Bill Boyarsky

Watching Los Angeles Police Chief Charlie Beck deal with Occupy LA at the Bank of America plaza Thursday, I was struck by how much the police department has changed for the better.

When I got there about 3 p.m., the plaza was pretty well filled with occupiers, onlookers and the media. Tents and demonstrators were in the grassy portion of the plaza. There were probably a few hundred people in all. About an hour later, Beck showed up, accompanied by a couple of command officers and someone from the departmental press office. He stood on Hope Street, which had been blocked and was crowded with police cars. He looked relaxed as he took in the scene.

There was no command post, which had been the heart of the military style approach the old LAPD anti-demonstration strategy. Nor was there the old police hostility. Several clergy—rabbis, ministers, and priests—walked from the plaza to talk to the chief. I followed them. He spoke quietly, and they did too. So I wasn’t sure what was said. But I sensed the conversation was calm, polite and probably reasonable.

The media then gathered around the chief, and Beck was just as calm. He said the demonstrators had a point to make, and they had a right to make it. But the owners of the plaza and other businesses had a point, too. Negotiations between the police and demonstrators were continuing. Then he walked over to the plaza to talk to the demonstrators as if it were no big deal.

This is a man who is confident with himself and with a department that was reformed by his predecessor, Bill Bratton. Before Bratton, the chiefs and the cops treated a demonstration as if it were the start of a revolution. Unlike them, Beck didn’t fume and fret because the demonstrators are liberal. His attitude seemed to have seeped down to the SWAT officers on the plaza, and the cops on Hope Street.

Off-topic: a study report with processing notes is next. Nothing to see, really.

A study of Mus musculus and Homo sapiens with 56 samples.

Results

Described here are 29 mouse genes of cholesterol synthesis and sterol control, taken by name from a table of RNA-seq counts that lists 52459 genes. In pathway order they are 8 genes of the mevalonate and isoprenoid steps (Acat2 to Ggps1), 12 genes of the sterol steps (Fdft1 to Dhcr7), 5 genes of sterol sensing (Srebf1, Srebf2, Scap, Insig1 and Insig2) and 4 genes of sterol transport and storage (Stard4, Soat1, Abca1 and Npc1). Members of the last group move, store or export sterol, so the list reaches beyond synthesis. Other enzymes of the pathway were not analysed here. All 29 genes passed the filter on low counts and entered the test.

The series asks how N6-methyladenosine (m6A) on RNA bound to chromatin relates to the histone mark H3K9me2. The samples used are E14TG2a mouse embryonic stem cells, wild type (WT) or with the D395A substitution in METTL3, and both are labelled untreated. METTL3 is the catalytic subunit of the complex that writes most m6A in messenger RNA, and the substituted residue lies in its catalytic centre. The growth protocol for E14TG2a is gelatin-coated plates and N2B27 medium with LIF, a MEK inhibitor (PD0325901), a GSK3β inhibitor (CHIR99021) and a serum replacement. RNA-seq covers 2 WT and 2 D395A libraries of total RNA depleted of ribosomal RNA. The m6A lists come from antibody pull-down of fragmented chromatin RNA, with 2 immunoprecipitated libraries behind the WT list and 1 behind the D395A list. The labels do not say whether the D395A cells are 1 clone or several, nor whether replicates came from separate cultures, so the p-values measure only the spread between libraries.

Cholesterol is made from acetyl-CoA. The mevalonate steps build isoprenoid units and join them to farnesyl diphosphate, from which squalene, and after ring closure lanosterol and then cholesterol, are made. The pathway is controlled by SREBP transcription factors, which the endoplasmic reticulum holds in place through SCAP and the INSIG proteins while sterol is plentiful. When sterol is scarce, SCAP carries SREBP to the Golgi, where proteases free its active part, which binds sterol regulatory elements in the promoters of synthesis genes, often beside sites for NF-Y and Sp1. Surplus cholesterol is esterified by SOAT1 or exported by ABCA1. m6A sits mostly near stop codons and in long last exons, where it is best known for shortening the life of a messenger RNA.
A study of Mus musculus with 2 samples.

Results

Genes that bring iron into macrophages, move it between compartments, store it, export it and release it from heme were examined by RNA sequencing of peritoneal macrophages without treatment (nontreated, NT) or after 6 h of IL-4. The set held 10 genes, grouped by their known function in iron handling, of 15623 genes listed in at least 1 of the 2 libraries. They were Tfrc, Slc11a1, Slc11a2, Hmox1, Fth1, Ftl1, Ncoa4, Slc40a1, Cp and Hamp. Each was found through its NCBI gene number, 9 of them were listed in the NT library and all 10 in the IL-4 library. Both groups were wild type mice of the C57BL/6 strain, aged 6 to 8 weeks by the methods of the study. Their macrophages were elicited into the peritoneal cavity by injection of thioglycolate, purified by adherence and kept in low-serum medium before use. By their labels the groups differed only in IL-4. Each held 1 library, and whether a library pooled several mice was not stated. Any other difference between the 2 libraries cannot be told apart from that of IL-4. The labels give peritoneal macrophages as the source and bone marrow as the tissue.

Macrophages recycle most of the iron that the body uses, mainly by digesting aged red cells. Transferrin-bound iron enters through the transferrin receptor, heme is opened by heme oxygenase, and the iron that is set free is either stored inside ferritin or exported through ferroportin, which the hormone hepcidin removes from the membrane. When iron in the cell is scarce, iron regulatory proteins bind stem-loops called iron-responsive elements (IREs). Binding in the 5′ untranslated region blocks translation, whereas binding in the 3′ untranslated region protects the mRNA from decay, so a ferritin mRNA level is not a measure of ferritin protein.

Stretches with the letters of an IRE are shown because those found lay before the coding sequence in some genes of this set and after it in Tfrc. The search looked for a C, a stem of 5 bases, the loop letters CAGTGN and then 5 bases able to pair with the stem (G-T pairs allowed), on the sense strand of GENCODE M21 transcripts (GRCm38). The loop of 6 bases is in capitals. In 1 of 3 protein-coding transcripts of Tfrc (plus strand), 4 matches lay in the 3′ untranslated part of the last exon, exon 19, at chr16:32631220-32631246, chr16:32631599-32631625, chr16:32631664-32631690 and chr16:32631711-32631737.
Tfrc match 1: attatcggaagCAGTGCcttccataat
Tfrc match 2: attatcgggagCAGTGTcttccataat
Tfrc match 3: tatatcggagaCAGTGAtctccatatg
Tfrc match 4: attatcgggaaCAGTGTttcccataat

The SWAT officers on the plaza generally were unsmiling, although I saw a couple of them chat in a friendly manner with the demonstrators. Some demonstrators yelled “This is what a police state is like.” Having recently returned from China, I thought, “No, China is what a police state is like.” One demonstrator handed a bottle of water to a cop, who said thank you. The demonstrators applauded the police officer’s courtesy.

Beck or some other police officer had given them a deadline. By 4:30 p.m. the arrival of motorcycle cops and a bus big enough for those arrested heralded action. Finally, around 5 pm, the cops started arresting people. But the arrests were done pretty peacefully. Maybe the two sides had worked out the procedure.

Beck exhibited the same abilities last year when the Latino community around MacArthur Park protested over a police officer's shooting of a man with a knife, He showed up at community meetings, listened and answered in a direct style, understanding and not defensive.

A word on Occupied LA’s expansion to the Bank of America plaza: It was a good idea. The choice of the bank gave Occupied LA more focus than it has had at city hall. The bank is relevant to our national economic crisis. Not that our lobbyist-campaign- contributor- dominated city hall is innocent of wrongdoing. But its offenses are local. The Bank of America, saved by the bailout, has wrecked the lives of people across the nation, if not the world.

The mainstream media whines about the Occupied movement having no specific goals. I talked to Elise Whitaker, an organizer. She was specific: “No bank money in politics, publicly funded elections. Once we get our democracy back, we the people will be empowered to make decisions again.”

My afternoon at Bank of America plaza and two previous visits to the Occupied LA city hall site doesn’t make me an expert on the movement. But I like what it’s doing. And an afternoon of watching Charlie Beck and his cops doesn’t make me an expert on them. But so far, they have handled things better than their counterparts in New York and Oakland.